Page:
Over the past decade or so, American pop culture has been overwhelmed with images of the End Times. Virtually every television network that shows scripted programming has or has had an apocalypse-themed program, from The Walking Dead on AMC to The Leftovers on HBO and The Last Man on Earth on Fox. Movies, too, have been shot through with visions of destruction, from epics like 2012 and World War Z through to smaller art films dealing with the implications of tragedy. Even literature has seen its fair share of End Times scenarios, with Cormac McCarthy’s The Road even winning awards for its nuanced and thoughtful portrayal of the complete collapse of civilization. Although apocalyptic media come in wildly different flavors, ranging from adventure to tragedy to comedy, there is an underlying theme that America is facing collapse.

Many have wondered how we arrived at this theme, and there have been a number of explanations. One of the most obvious is that apocalyptic scenarios are a reaction to the economic challenges that the country faced following the collapse of the housing bubble and the Great Recession of 2007-2008. While this may have exacerbated the theme in media, there were apocalyptic narratives before then and they have scarcely abated in popularity with the recovery of the economy.

A second suggestion is that the apocalyptic theme represents cultural anxiety about the loss of American identity in the wake of globalization. In other words, it can feel like the end of the world to some Americans when they see their traditional way of life pushed aside in favor of foreign customs and global rules. While there is something to be said for this argument, the fact is that people who live in diverse areas where they are exposed to global diversity actually have less anxiety about culture than people who live in areas where their way of life has barely changed in the wake of globalization.

Perhaps then the third choice is the one that best explains the current interest in the apocalypse: racism. In these narratives, a hearty band of mostly white heroes have to stand up for the “real” America in the face of catastrophic changes that often take the form of an invasion of American territory by foreigners, monsters, zombies, or other outside forces. These narratives reflect to an extent the same feelings that engender efforts to build a wall to keep Mexican nationals from crossing the U.S. border illegally. In both cases, the self-described heroes see themselves as representatives of a pure America that is threatened by the appearance of outsiders.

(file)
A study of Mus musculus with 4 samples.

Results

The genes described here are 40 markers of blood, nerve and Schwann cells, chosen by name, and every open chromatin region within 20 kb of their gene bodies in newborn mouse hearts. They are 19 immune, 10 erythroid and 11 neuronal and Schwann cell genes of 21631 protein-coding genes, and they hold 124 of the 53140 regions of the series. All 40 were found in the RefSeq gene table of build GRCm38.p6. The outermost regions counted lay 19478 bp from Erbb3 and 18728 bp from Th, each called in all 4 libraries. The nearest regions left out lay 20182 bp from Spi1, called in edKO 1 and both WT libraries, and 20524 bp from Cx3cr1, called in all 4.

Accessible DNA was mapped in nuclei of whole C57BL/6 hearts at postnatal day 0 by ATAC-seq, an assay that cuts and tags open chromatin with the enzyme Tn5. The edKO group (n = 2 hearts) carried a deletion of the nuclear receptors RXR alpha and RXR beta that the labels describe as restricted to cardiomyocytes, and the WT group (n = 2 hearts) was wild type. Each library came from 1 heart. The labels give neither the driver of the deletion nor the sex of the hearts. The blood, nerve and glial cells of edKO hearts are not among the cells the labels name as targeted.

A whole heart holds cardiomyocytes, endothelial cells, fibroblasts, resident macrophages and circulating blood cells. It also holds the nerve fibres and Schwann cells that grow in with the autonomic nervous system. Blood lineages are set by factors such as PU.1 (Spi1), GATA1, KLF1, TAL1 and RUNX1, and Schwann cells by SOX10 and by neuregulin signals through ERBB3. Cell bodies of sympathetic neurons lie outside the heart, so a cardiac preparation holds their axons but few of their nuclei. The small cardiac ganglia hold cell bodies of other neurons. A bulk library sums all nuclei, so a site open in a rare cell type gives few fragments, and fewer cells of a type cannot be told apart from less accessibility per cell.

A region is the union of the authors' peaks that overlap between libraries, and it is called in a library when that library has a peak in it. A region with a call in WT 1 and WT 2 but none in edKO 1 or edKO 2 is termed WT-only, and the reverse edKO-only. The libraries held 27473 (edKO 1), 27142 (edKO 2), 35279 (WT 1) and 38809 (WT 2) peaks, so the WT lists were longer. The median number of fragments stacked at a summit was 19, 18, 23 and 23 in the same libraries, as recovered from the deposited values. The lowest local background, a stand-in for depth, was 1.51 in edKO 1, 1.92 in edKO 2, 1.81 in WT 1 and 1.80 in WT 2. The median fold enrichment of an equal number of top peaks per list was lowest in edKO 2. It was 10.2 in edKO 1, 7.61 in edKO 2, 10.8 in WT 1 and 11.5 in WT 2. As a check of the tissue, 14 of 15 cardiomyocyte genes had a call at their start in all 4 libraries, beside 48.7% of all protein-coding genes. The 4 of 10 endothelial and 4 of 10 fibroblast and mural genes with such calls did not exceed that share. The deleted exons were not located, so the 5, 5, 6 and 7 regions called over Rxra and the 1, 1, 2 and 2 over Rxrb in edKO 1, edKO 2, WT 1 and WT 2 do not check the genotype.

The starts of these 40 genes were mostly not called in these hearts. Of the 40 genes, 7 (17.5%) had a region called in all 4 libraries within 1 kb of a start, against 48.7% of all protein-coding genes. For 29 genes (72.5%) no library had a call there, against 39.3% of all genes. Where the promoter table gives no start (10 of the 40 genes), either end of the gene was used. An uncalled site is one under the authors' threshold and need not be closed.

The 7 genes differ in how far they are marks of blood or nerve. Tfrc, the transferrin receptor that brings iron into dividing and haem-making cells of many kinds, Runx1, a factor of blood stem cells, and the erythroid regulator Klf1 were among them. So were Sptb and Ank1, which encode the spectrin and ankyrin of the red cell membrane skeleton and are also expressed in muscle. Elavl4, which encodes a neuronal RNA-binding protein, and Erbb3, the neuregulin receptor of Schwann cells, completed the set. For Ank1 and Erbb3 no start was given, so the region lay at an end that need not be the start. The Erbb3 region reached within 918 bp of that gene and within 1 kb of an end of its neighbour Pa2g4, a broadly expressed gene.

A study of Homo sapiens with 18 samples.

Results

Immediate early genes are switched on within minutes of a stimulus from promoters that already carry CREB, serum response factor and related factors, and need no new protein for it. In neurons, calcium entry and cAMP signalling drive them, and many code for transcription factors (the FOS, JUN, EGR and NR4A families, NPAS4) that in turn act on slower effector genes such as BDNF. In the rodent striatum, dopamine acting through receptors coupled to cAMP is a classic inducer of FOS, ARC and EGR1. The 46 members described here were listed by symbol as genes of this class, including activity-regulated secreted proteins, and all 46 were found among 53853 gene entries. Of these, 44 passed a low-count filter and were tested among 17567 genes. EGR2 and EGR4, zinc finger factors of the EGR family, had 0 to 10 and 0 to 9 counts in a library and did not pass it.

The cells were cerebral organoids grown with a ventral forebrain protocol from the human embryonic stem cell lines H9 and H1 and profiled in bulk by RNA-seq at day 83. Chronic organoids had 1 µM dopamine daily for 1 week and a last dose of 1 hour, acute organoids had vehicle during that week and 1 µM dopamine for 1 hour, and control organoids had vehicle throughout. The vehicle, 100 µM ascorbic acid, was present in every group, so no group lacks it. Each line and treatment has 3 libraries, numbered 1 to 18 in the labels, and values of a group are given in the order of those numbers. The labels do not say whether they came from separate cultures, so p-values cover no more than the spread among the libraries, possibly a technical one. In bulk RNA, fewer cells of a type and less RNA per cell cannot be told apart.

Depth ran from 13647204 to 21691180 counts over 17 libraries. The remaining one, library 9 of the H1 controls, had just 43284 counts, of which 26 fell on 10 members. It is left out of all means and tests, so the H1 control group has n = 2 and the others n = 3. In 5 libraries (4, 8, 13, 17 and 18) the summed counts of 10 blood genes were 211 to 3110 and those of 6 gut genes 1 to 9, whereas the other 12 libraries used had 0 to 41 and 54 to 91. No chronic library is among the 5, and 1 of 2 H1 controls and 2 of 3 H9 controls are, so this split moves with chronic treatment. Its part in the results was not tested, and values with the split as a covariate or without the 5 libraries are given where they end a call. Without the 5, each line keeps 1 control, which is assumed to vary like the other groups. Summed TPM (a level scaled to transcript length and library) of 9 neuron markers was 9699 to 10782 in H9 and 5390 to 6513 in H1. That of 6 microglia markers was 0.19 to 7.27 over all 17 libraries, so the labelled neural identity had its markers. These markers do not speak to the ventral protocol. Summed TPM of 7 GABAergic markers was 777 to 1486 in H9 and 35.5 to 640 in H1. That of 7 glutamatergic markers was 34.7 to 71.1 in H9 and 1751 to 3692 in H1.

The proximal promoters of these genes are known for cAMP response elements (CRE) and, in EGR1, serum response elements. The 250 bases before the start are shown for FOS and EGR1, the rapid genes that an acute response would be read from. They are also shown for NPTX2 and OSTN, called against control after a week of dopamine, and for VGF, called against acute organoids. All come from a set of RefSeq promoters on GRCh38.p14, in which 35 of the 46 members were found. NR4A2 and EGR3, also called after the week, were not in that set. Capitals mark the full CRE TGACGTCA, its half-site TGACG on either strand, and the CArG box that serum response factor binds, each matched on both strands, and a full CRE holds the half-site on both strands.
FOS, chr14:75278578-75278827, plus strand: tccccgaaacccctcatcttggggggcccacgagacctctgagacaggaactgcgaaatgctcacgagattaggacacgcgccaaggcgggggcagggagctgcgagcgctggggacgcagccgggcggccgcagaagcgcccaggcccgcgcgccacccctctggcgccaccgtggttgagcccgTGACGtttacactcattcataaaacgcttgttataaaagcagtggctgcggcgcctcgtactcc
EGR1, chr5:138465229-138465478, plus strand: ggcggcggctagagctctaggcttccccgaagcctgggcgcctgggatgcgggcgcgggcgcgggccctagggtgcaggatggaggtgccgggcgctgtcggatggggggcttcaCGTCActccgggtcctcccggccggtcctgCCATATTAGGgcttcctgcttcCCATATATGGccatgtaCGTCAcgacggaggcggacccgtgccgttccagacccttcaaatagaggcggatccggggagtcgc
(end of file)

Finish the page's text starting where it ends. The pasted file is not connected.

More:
In modern zombie narratives such as The Walking Dead and Fear the Walking Dead, these outsiders can easily be conceived as illegal immigrants and the formerly “real” Americans that their corruption converts into monstrous “takers” who literally feed off of the shrinking pool of mostly white American heroes.

In these narratives, we see the anxiety of the former American majority, who in fiction and in fact are worried that non-white people will “outbreed” them. Within the next few decades, white Americans will no longer command a majority in the United States, and already nonwhite births exceed those of white Americans. This demographic trend can appear to be an apocalypse to those who see American identity as intimately tied to white Euro-American heritage. To that end, the demographic shift to a minority-majority nation can appear to be an apocalypse, signaling the end of traditional power structures and traditional racial hierarchies.

Many argue that individuals within a culture are loathe to articulate the kinds of feelings that can appear to be politically incorrect, and in this specific case, many who enjoy apocalyptic fiction might not even realize the reasons that the stories resonate with them. But as we look deeper into the underlying meanings, we can see that fear about the demographic changes in American society might well be behind such stories. We don’t have to look far for proof. The zombie genre gives us plenty of ammunition. The zombie narrative began in the early twentieth century with movies in which white women were seduced into becoming zombies by evil Caribbean natives of mixed race, as in White Zombie (1941). In the classic Night of the Living Dead (1968), the entire narrative is undercut when white southern law enforcement officers treat the Black hero as indistinguishable from a zombie, with the clear message that the zombie uprising is meant to be an analogue for the race riots then plaguing America and threatening white power structures.



About the author: Jeremy B. is a professional essay writer who works on a freelance basis at – online custom writing service. He has been helping students with writing academic papers since 2010.